I came to Cuenca so I could visit Ingapirca, but without question it was my favorite city in Ecuador. It’s relatively safe, it’s beautiful, well-organized, and historical.
The climate is comfortable. With sun it’s a bit hot, but without it it’s a bit cold. At night it’s cool, but not too cold. But it seems to rain a lot.
Cuenca isn’t as touristy as one might expect. It’s definitely on the “gringo trail,” but the tourists seem to blend in well with the city. There is, however, a sizable population of American retirees. Lured by Ecuador’s use of the U.S. Dollar as its currency, relative proximity to home, and very affordable cost of living, many retirees have relocated to Ecuador and you see them in and around the city.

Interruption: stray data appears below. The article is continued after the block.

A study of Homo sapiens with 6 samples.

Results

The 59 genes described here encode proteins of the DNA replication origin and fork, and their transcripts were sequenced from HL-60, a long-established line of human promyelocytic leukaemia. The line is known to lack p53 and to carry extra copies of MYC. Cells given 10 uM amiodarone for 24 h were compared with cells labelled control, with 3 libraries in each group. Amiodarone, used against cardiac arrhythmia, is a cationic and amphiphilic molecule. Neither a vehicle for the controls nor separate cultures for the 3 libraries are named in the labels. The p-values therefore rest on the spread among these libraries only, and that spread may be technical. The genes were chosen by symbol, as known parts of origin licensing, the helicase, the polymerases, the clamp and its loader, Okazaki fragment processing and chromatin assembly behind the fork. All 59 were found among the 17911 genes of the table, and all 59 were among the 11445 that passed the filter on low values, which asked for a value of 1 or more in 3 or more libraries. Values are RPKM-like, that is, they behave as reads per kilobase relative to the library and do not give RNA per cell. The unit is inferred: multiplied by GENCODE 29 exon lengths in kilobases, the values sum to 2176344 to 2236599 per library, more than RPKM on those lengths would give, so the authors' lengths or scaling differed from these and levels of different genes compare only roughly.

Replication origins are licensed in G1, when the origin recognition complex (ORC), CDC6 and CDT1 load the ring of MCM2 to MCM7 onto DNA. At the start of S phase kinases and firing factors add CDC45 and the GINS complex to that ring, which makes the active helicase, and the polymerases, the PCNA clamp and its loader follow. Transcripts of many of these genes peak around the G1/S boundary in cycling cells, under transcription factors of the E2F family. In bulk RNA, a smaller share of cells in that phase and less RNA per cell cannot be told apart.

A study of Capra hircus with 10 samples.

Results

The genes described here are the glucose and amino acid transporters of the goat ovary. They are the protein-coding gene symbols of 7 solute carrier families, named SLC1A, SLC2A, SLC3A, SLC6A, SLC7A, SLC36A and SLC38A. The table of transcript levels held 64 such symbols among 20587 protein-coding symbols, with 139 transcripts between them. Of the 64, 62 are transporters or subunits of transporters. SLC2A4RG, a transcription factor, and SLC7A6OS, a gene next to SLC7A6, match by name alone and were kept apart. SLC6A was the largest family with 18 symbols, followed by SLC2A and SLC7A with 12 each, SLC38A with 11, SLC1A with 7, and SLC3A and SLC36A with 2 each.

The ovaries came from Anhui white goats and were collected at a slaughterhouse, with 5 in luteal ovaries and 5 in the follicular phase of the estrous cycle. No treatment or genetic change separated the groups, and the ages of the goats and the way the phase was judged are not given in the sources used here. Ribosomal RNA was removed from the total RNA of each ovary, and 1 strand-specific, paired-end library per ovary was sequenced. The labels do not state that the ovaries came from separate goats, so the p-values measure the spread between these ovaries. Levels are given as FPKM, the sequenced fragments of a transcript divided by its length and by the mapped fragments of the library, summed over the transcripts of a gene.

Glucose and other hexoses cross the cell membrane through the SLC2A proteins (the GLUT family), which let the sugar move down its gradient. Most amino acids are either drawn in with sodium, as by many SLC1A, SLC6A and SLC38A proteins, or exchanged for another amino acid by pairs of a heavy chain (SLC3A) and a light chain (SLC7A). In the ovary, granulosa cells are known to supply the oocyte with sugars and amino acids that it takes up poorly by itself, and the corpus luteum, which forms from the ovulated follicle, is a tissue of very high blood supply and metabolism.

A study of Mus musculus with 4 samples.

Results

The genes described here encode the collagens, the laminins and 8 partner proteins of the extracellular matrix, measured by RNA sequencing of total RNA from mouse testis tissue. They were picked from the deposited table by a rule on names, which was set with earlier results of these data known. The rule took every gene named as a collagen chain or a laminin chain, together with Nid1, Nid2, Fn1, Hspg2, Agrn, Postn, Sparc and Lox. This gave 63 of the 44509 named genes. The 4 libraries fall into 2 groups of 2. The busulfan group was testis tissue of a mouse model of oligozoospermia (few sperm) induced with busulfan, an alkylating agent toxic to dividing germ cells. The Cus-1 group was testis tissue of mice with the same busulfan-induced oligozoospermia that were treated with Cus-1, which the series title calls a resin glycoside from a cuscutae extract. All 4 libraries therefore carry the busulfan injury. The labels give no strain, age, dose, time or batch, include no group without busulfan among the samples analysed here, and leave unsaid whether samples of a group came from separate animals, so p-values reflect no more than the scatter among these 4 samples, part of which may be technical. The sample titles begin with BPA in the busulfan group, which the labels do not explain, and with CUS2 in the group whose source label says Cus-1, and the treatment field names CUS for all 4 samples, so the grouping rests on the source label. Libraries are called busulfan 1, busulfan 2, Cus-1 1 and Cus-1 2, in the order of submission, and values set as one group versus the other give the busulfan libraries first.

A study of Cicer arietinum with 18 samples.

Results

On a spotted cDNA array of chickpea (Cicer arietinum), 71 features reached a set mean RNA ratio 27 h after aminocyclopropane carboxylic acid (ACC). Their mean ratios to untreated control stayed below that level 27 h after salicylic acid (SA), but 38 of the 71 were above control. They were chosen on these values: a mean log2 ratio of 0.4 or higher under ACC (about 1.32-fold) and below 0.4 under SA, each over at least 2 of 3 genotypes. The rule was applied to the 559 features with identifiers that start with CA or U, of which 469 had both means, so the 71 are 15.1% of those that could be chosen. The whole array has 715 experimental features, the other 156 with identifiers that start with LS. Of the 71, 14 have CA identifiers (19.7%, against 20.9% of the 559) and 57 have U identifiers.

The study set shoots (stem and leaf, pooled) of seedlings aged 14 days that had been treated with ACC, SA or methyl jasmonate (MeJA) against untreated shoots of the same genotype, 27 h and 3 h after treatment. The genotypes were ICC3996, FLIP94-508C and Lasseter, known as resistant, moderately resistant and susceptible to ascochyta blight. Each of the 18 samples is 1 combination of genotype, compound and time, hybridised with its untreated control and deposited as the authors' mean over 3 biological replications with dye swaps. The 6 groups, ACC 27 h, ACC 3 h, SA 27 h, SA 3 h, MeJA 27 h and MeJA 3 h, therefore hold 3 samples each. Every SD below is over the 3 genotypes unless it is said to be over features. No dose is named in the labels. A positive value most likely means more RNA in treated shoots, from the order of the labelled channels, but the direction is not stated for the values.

When I was on the bus coming from Baños to Cuenca, my couchsurfing host informed me that I wouldn’t be able to stay with her. I had a feeling something like that would happen. But she arranged for me to stay with a friend and everything worked out really well!
Below are some pictures of Cuenca.
Cuenca is famous for being quite religious and having a lot of churches. I mentioned to my host that it sounded a lot like Pasto, Colombia, and I was told this is a comparison that gets made a lot. It’s interesting since they both have similar profiles and both lie at the southern tips of their countries.
There were tons of churches there, but below are a few notable ones.
I went to a cool shop in Cuenca. They make Panama hats and it’s part museum, part workshop, part store. Very cool!
When I was there, there was a school group learning how hats get made.
I have seen these hats in several countries and I think they are very practical. They are light, very thin, and offer great shade from the sun. I don’t like wearing hats, but they are pretty cool.
I wasn’t sad to say goodbye to Ecuador, but I did have a nice time in Cuenca. Happy to end on a positive note!